As Democrats broadcast their national convention for the third evening Wednesday, about 75 cars gathered quietly on a dark, damp Suffolk Downs parking lot in front of a giant movie screen displaying the program.
From the outside, the pandemic-period gathering seemed to be a stark contrast to the convention’s typical buzzing, energetic atmosphere. But the party-faithful attendees said they were happy to be among others, even if it was from the socially-distanced safety of their cars.
The event was intended to allow convention delegates an opportunitiy to gather and support their home state Sen. Elizabeth Warren, who was one of the evening's featured speakers. In a normal convention, the delgation would have been given prime seats to cheer her on when the senator took the stage.
Christopher Campbell, 34, of Burlington, a first-time Democratic delegate, thought he’d be in Milwaukee, but said that short of that, he was glad to be at the drive-in watch party with other Democrats on a soggy Wednesday night.
“It feels more like what the convention is supposed to feel like,” Campbell said from the driver’s side of his SUV.
He and others said the parking lot represented a good compromise between safety and convention comraderie.
“It’s nice to be — still, six-feet apart — but also to feel like you’re with your delegation,” Campbell said.
Tom McGee, 64, the mayor of Lynn and a life-long Democrat, said, “I think it’s really exciting to come together and see history being made.” Sitting in a silver SUV with two family memebrs, McGee's enthusiasm was not dampened by the social distancing. “To be here tonight, watching on the big screen with other people that feel the same way is a great night.”
From their cars, the convention-watchers peppered the cool night’s silence with short spurts of honking between speeches, but otherwise remained quiet as they watched a big screen by the light of the stars, and listened to the proceedings over a radio channel.
“I’m really proud to be representing her tonight,” said Jason Palitsch, 31, a first time delegate from Shrewsbury who was elected as a Warren delegate. “I think that she has a lot of great things to say, I think she has a lot of great stories to tell,” he said, referencing the story Warren retold in her speech about how she could only pursue her career because her aunt came to help her with childcare.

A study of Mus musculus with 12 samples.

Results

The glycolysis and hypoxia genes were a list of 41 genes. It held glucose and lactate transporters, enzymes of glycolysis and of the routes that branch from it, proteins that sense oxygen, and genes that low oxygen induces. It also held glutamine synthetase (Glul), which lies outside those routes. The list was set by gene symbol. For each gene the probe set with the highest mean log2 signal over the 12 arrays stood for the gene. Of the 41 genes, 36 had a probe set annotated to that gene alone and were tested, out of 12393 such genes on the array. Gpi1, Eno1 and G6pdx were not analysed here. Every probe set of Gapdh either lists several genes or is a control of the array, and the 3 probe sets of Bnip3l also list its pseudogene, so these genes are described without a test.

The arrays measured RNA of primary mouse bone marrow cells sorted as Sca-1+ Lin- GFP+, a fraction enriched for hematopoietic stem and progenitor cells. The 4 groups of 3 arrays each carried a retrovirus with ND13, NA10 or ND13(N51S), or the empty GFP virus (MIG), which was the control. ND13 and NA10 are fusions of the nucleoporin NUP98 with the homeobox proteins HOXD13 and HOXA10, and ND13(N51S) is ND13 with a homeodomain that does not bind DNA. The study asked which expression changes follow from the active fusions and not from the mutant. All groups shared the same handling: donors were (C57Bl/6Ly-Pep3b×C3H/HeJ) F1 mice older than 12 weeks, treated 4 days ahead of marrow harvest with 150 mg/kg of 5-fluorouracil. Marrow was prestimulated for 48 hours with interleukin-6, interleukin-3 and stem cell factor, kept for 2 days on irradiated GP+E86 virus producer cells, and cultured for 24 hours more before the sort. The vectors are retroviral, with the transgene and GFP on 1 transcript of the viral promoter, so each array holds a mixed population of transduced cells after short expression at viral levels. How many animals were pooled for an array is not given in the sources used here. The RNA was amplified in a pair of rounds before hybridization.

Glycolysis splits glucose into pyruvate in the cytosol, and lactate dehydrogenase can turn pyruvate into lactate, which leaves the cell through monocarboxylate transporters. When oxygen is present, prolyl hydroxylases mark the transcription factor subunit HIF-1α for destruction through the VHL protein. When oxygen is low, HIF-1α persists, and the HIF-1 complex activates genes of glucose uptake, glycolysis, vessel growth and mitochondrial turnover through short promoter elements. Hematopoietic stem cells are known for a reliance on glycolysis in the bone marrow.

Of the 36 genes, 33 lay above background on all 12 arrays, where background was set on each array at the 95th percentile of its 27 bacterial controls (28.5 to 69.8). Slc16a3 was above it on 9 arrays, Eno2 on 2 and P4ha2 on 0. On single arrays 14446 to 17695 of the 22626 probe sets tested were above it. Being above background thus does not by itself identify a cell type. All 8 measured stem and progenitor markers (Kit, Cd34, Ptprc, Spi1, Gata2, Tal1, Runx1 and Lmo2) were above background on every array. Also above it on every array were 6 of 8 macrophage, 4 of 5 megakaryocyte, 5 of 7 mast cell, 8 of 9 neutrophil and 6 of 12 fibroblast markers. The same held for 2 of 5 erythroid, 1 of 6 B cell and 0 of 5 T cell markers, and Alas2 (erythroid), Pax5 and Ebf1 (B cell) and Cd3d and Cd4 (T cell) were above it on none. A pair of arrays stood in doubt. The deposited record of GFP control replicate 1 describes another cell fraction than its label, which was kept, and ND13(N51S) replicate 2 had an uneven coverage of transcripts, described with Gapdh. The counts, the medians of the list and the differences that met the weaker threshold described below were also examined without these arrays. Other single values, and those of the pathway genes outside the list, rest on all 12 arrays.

Monica Rey, 33 from Jamaica Plain, a first-time delegate who self-identified as a “Warren Democrat,” had mixed feelings about the event.
“I’m actually really sad that I haven’t gotten a selfie with her and that she’s presenting somewhere else,” she said.
Warren delivered her remarks from a classroom in Springfield. During her presidential campaign, Warren regularly stood for hourstaking selfies with supporters.
While the convention is designed to show Democrats of all factions uniting behind former Vice President Joe Biden, a small band of Sen. Bernie Sanders' supporters gathered outside the event before dark, along with some progressive delegates who voted against the party’s more centrist platform this year.
Tom Duke, 27, a first-time delegate from Northampton, said he was more discouraged by the party’s speaker line-up than its virtual format.
“It seems like the DNC cares more about conservatives than progressives,” he said, noting that Republicans John Kasich, Colin Powell and Cindy McCain all spoke for longer than progressive members of congressional Democrats' so-called “squad,” like Alexandria Ocasio-Cortez.
Duke said he plans on voting for Biden since he believes Trump is worse, but added he will continue to advocate for progressive policies like Medicare-for-All if the former vice president wins the White House.